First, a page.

Blog: Nails Mahoney on the style guide leak
You might have seen a radio group format guide leaked online. It caused outrage and a lot of discussion about the state of radio.
Iain Lee and Danny Baker both addressed it as well as lots of industry veterans on Facebook and Twitter.
I read comments from people on the lines of “This is what’s wrong with radio”, “These people are destroying the industry” etc.
At first I agreed. I love radio and I love the people that create great radio. It’s in my bones. I’ve spent twenty five years travelling and learning radio from amazing radio people. To see it marginalised and turned into a product that loses all sense of intimacy is incredibly frustrating…because we all know what radio CAN be.
Then, I thought of the Mark Twain quote.
“Whenever you find yourself on the side of the majority, it is time to reform (or pause and reflect).”
― Mark Twain
It’s quite easy to moan and gripe and point out what’s wrong. It’s easy to be that majority because we all agree with eachother. But let’s look at it in a different way and try to find out what’s going on here. We can’t learn by agreeing!
The general line since the first person tapped in a ‘www’ to listen to music is that ‘radio is dying’. You’ve heard this so many times. If we believe the hype, then we believe we are part of an industry that has no future. I have not met one presenter who believes that.
So where is this mindset coming from and why? For me, it’s driven by fear. If radio listenership is down and radio is how we make a living, then the natural reaction is to protect what we have and try not lose anymore. The management behind this form guide are driven by that desire – that desire to ‘fix’ it before it gets worse.
Do they ‘know’ radio? I don’t know.
Are they ‘radio people’? I don’t know.
What I DO know is that they are scared. When you are scared of something, you react in one of two ways: stand still or move. By implementing these rules, are they standing still or moving? And if they are moving, is it towards something or away from something?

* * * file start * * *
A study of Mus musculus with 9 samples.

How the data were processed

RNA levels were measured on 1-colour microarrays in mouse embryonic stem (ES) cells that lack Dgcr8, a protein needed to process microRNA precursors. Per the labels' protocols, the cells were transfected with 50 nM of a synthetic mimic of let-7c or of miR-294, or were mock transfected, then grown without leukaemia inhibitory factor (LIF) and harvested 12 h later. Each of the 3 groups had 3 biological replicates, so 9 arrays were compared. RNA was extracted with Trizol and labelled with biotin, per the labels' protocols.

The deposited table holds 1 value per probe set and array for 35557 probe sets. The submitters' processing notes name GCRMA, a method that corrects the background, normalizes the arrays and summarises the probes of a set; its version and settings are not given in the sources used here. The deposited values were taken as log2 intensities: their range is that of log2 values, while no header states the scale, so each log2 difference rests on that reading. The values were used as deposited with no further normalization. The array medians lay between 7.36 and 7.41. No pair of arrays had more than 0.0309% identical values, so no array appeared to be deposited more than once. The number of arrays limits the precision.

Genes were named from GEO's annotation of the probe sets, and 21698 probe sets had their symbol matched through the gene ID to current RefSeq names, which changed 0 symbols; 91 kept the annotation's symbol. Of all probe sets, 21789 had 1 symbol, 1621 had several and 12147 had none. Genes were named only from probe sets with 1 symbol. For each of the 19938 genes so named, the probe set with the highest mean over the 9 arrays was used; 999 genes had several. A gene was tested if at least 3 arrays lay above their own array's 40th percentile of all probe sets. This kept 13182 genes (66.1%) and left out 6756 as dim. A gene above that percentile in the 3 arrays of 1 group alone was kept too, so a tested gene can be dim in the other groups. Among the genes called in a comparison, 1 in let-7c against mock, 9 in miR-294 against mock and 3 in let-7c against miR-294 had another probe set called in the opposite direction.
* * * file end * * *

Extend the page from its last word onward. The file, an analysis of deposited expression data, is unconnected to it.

Maybe they decided to react to falling numbers by going back to basics? These rules really ARE the basics. When a footballer is off form, the coach will say ‘Do the basics well’. That means, get the ball and pass it. Do that well. Nothing more.
Is this the equivalent of a radio group getting the ball and passing it? Is there a bigger plan? Do they have a ‘Phase 2’?
But to be honest – I don’t care about them. They’re not the bad guys (they ARE not bad guys)…they’re just doing what they know. No more. What I care about is YOU. The Radio Presenter. What do you do when faced with this?
I always tell presenters ‘Learn the rules so you know how to break them’. That’s not a flippant, throwaway piece of advice – I take that seriously. Know the rules. This form guide represents the rules. Know how to break them.
“But if I break the rules I’ll be fired”. Yes you will…if you don’t know HOW to break them. Creatively!
Look at Broadway Bill on CBS-FM in New York. His links last 15 to 20 seconds…in and around the length stipulated on this form guide. Have you heard what he can do in that time? He has created an on-air persona unique to him. Only he does what he does. And he does it IN FORMAT! He creates, he innovates, he entertains and he works the rules to his needs.
You want to be creative? Here’s an opportunity to create in a very tightly regulated environment. Show what you can do!!!
Instead of being part of the ‘majority’ and bitching and moaning about management techniques, ask yourself one question: “How can I make this work for me?” Chances are you will move stations eventually. This is not your ‘forever’.
Whatever is thrown at you, ask how you can learn and grow from this and use it in the future? This management team will leave, new people will come in…maybe one of them will be you!
It’s a challenge – guess what? Life has more coming your way. You can either stand still or move towards. Your choice.
By the way, last week on Facebook I asked: ‘What One Thing Would Improve Radio?’ The answers (from radio people) ranged from “Verbal Freedom”, “Leave the presenting to the radio presenters”, “Cut out the inane nonsense masquerading as banter”, “DJs stop talking shite”, “Personalities being allowed out”. Both sides of the argument on display there. Where do you stand?
Before you automatically join the majority, think for yourself. Then do what feels right for you. Just remember, moaning and griping is easy – you will not be challenged for that. Everyone will be on your side. That feels nice. Will it move you forward? Will it help you grow? Or will it turn you into that which you challenge?